COVID questions? Here are some useful numbers
If you have questions about your health, including what to do if you are experiencing symptoms of COVID-19 or are worried that you have been exposed, help is available. Students, faculty and staff are encouraged to call these numbers to receive guidance from university health professionals:
Call Habif Health and Wellness Center at 314-935-6666 or the COVID Call Center at 314-362-5056
FACULTY AND STAFF
Call the COVID Call Center at 314-362-5056
For more helpful numbers, check the Useful Numbers page on the WashU Together website. You also can send general questions by email to email@example.com.
‘Ask the Doctors’ town hall next week
Here’s another opportunity to ask your COVID-19 questions directly to two of the university’s top medical experts! The next “Ask the Doctors” town hall with Drs. Steve Lawrence, MD, MSc, FIDSA and Cheri LeBlanc, MD is scheduled for next week.
Please join us
Wednesday, Sept. 30
Topics to be addressed include requirements for outdoor masking, the difference between diagnostic and surveillance testing, and what to keep in mind while planning holiday travel. You can submit questions in advance by sending an email to firstname.lastname@example.org. (Please put “Town Hall Question” in the subject line.) Learn more on the Ask the WashU Doctors page on the WashU Together website.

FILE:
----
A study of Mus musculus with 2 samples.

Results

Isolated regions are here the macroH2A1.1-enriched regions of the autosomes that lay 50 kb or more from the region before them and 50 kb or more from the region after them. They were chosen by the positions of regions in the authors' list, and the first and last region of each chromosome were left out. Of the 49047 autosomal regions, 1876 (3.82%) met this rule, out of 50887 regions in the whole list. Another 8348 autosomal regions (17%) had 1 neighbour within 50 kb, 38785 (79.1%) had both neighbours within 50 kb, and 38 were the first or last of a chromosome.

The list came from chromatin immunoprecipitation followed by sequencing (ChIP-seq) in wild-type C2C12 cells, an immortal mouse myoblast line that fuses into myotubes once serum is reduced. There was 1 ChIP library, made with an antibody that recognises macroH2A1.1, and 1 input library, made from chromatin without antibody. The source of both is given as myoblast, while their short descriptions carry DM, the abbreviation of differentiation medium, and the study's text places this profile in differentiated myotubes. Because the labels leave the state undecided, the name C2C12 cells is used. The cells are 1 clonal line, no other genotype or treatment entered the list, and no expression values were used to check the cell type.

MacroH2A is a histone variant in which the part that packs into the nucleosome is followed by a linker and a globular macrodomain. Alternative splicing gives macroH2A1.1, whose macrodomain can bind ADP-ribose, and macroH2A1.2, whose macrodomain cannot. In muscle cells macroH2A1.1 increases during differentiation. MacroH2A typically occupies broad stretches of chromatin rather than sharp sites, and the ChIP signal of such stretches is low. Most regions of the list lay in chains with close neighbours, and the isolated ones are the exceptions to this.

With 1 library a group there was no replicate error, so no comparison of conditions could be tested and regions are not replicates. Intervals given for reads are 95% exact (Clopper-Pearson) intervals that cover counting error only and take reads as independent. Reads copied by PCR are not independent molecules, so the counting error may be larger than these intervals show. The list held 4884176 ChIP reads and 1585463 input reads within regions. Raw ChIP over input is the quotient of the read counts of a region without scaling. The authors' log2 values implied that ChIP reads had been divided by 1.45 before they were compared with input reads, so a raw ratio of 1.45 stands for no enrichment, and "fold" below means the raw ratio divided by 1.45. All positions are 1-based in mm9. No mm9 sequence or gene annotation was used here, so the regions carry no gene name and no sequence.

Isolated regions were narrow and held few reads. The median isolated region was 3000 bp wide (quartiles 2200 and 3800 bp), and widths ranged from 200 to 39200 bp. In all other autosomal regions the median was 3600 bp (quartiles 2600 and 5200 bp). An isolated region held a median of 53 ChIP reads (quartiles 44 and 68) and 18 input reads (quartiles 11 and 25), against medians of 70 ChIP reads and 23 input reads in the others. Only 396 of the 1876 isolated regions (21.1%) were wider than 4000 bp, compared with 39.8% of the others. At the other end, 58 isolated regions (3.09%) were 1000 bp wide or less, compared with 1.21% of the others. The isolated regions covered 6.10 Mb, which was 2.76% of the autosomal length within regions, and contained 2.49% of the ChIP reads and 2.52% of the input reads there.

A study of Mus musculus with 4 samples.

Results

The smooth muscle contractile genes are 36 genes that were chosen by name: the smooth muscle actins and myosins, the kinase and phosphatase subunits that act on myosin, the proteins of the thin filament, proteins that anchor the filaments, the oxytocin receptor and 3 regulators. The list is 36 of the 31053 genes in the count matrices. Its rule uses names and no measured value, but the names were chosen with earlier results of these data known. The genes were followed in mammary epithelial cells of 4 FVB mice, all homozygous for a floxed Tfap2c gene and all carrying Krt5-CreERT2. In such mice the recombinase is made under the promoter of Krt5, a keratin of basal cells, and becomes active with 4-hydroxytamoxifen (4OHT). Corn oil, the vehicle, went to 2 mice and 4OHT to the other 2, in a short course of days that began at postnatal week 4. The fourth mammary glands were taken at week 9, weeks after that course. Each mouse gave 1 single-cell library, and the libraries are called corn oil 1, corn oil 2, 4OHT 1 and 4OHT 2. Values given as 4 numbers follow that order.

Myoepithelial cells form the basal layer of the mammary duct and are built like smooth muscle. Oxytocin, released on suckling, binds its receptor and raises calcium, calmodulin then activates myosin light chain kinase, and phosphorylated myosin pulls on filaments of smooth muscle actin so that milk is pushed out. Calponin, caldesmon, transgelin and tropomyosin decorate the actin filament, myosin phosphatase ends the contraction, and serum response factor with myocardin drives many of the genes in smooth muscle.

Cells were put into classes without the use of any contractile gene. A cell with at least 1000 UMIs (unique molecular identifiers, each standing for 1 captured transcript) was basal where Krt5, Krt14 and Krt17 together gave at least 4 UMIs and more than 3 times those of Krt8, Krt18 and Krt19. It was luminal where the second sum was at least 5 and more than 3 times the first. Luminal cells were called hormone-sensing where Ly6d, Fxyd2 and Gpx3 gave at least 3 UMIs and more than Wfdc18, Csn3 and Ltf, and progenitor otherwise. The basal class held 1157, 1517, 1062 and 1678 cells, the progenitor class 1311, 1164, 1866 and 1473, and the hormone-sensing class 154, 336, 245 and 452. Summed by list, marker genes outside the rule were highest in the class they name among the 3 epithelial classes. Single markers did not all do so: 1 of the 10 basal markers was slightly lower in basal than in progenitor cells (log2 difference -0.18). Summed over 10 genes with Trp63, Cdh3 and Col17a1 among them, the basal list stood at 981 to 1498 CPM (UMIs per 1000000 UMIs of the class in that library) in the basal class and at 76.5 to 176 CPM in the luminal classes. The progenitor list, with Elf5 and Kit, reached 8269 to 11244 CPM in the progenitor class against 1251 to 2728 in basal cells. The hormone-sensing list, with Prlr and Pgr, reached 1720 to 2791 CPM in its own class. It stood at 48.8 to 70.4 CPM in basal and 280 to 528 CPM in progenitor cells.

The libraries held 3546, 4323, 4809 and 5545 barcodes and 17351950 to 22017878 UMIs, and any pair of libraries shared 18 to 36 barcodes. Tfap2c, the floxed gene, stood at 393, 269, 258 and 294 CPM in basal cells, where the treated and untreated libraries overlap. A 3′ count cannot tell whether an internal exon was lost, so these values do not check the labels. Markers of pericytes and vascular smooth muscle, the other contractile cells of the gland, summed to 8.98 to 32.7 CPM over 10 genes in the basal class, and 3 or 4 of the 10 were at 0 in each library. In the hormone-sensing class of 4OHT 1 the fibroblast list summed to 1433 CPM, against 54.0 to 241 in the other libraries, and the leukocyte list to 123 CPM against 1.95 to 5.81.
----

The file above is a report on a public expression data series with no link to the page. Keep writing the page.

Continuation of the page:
Managing work-life balance in a pandemic
Human resources has a new online portal, designed to support faculty and staff as they continue to manage their work-life balance during the pandemic. It also outlines the scope of the university’s employee benefits, including child care and elder care as well as self-care.
“We know that the balancing act of being caregivers, parents, employees and now, in some cases, educators, is an enormous strain for families,” says Legail Chandler, vice chancellor for Human Resources. Read more about the portal in the Source.
How market research can help vaccine perception
When the first COVID-19 vaccine gets approved, how eager will people be to receive it? Olin Business School research suggests that if consumers view a vaccine more like a curative to the epidemic, rather than as a preventative for the self, they will be more receptive. Read the story in The Source.
Campus space in COVID-19 world
It looks the same, yet the 169-acre Danforth Campus feels a bit different this fall. A by-the-numbers look at what has been done to make the campus as safe as possible for returning students, faculty and staff.
Learn about the university’s response to COVID-19
The latest research and news stories related to the COVID-19 pandemic and the WashU community are available on The Source.